UTEP Receives $13M Grant for GEAR UP Program
Last Updated on October 30, 2018 at 12:00 AM
Originally published October 30, 2018
By Victor R. Martinez
Jaime Regis, a doctoral candidate in The University of Texas at El Paso’s College of Engineering, is everything the campus’ GEAR UP program represents.
The 2014 Del Valle High School graduate is the first in his family to earn a college degree. Regis was awarded his bachelor’s degree in mechanical engineering in the spring of 2018.
But, Regis said, if not for the Gaining Early Awareness and Readiness for Undergraduate Programs, or GEAR UP, his academic dreams might not have come to fruition.
“I knew I wanted to get a college education, but I didn’t know much about how to go about it,” Regis said. “With GEAR UP, I had the opportunity to go on field trips to different colleges and universities and that really helped me get an idea of what college really was.”
UTEP’s GEAR UP program recently received a $13 million, 6-year grant from the U.S. Department of Education that will help more than 2,700 local students get more out of high school and navigate the path to college.
GEAR UP will provide comprehensive support to students in 10 Ysleta Independent School District (YISD) middle schools through academic counseling, tutoring, mentoring, community service opportunities, academic workshops and activities, college tours, college and career awareness and readiness activities, and financial aid planning.
It is the very program Regis was a part of when he entered seventh grade at Camino Real Middle School.
“If not for GEAR UP, I wouldn’t have been able to afford those college visits,” he said. “I wouldn’t know how to or who to ask about campus visits. I had no idea about financial aid or scholarships without the program.”
Juliette Caire, who has been the director of GEAR UP since 2001, said the new grant’s main goal is to assist students in preparing for and attending college.
This six-year grant will follow and support all members of the class of 2024 enrolled at the 10 YISD middle schools through their high school graduation.
“We are very grateful for the support of the U.S. Department of Education and for their investment in UTEP and YISD,” said Gary Edens, Ed.D., vice president for student affairs at UTEP. “The GEAR UP program has proven to be a catalyst for educational attainment and progression to a post-secondary degree. This grant will result in more students completing high school and pursuing a college degree. What a great win for El Paso!”
UTEP’s GEAR UP program has served area students since its first grant cycle in 1999.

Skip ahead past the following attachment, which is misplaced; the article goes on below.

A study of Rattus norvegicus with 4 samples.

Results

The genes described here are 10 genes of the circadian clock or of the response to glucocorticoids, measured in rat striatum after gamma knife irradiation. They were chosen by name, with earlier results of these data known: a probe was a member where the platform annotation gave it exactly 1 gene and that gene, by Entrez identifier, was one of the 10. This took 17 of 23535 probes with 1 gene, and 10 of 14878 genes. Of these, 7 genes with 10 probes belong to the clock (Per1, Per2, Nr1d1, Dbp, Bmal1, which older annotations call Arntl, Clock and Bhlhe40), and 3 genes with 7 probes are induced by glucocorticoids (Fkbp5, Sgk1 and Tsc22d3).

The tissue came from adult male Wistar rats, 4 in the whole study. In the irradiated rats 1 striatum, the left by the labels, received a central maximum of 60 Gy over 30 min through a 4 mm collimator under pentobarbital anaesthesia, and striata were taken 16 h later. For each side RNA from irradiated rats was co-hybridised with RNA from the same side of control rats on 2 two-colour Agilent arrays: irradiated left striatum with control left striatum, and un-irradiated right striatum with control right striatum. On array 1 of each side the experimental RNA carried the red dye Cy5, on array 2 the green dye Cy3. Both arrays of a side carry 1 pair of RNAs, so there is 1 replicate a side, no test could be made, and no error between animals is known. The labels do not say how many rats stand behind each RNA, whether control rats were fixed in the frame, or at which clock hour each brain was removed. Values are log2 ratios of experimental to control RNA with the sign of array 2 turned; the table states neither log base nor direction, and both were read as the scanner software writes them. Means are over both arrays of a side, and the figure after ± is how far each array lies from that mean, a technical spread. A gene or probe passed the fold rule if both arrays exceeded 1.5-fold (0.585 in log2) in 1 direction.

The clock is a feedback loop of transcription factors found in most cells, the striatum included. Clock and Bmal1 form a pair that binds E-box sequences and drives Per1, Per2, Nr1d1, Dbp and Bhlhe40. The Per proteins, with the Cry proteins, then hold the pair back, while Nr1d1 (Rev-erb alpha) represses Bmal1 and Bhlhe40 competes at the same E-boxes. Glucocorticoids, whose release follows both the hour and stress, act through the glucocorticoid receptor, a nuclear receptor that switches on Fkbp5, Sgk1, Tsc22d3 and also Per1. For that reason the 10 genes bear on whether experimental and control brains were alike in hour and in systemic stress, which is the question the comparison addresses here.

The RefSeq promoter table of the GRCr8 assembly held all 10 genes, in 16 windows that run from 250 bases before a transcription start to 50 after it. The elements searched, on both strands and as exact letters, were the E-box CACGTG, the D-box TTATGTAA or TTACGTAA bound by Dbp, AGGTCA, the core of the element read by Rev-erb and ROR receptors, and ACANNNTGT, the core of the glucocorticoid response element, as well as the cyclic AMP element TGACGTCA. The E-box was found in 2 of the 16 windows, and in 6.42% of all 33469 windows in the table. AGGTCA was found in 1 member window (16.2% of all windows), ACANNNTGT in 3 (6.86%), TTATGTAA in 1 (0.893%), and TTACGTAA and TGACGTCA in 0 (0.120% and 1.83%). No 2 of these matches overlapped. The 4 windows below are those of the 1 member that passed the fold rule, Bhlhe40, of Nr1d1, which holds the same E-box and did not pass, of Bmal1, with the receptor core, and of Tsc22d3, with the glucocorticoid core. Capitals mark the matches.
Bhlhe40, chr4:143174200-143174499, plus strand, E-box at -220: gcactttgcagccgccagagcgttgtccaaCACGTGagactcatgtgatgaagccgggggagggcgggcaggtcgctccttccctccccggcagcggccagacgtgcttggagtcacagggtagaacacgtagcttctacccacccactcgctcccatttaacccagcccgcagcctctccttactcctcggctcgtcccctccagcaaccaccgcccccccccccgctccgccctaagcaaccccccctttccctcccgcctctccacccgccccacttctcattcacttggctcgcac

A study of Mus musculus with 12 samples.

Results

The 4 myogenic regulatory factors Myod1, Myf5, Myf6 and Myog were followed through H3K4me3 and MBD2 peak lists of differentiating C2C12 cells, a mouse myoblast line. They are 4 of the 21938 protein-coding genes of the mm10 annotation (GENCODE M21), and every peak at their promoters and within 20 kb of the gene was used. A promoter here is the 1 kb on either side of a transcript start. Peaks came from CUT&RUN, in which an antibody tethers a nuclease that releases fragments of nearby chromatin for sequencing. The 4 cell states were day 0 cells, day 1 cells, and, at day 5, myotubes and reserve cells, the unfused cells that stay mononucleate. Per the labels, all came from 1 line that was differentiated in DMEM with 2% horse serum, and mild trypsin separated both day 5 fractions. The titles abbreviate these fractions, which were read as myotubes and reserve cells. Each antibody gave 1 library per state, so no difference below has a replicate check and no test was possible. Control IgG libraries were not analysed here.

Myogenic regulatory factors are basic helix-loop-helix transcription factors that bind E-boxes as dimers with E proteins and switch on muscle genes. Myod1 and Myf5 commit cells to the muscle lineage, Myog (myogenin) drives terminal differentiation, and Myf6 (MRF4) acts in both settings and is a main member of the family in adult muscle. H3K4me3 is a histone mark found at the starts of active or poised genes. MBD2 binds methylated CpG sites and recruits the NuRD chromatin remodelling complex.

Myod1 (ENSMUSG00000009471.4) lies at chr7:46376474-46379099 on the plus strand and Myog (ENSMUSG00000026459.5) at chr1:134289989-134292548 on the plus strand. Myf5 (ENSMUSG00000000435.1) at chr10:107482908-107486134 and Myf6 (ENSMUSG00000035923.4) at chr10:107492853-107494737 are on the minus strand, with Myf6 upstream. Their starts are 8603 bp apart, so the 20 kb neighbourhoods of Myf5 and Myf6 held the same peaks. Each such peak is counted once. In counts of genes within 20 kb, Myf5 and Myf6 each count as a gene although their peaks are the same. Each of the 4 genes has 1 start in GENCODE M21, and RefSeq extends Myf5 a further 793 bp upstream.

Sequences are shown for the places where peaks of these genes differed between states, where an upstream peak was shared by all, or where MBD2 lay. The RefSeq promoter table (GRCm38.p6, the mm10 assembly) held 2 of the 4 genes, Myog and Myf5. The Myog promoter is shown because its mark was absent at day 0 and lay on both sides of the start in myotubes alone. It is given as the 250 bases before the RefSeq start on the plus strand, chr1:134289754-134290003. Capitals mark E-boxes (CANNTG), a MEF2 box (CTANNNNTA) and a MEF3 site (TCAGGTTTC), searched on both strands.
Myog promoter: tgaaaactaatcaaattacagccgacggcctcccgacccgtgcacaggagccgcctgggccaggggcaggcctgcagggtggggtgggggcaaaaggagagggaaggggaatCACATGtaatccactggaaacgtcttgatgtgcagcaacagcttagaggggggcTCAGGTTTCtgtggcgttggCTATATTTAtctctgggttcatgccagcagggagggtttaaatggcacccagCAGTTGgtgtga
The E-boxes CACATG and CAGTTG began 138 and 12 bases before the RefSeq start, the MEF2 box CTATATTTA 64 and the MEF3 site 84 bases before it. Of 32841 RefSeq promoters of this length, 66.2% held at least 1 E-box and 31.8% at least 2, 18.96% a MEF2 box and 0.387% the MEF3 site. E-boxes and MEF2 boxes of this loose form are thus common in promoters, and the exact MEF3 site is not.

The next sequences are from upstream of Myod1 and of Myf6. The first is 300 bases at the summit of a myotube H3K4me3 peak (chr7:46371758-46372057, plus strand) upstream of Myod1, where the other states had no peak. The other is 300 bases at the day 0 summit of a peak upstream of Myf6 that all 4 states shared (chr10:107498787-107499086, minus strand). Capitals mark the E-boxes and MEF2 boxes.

The next group of students for the program will be pulled from Bel Air, Camino Real, Desert View, Eastwood, Indian Ridge, Parkland, Rio Bravo, Riverside, Valley View and Ysleta middle schools.
Since 1999, GEAR UP has secured more than $49 million in research grants and has guided 10,688 students in the Ysleta, Socorro and El Paso independent school districts.
“We have three goals: one is increasing the academic readiness for postsecondary education,” Caire said. “Everything we do for the seventh grade through the 12th grade is increasing academics, knowledge of navigating the postsecondary application process, increasing knowledge about degrees and careers, and very important, the financial aid process.”
GEAR UP students receive tutoring from trained UTEP students; have access to mentoring services; attend cultural events, summer programs, and leadership seminars; and take college visits.
UTEP student Amanda Haynes was introduced to GEAR UP in 2011 when she was in seventh grade at Parkland Middle School.
“GEAR UP was very helpful in getting me prepared for college,” she said. “Without GEAR UP, I would have had no idea what I was doing. I stlll would have been applying to colleges but as far as scholarships and financial aid, I would have been clueless.”
Haynes, who graduated from Parkland High School in 2014, has earned a UTEP Presidential Scholarship throughout the past four years. She, too, will be the first in her family to graduate from a university when she receives her bachelor's degree in mechanical engineering later this year.
“They were great during high school,” said Haynes, who is scheduled to graduate in December. “They would help if I had any issues with any class. They were always there for me.”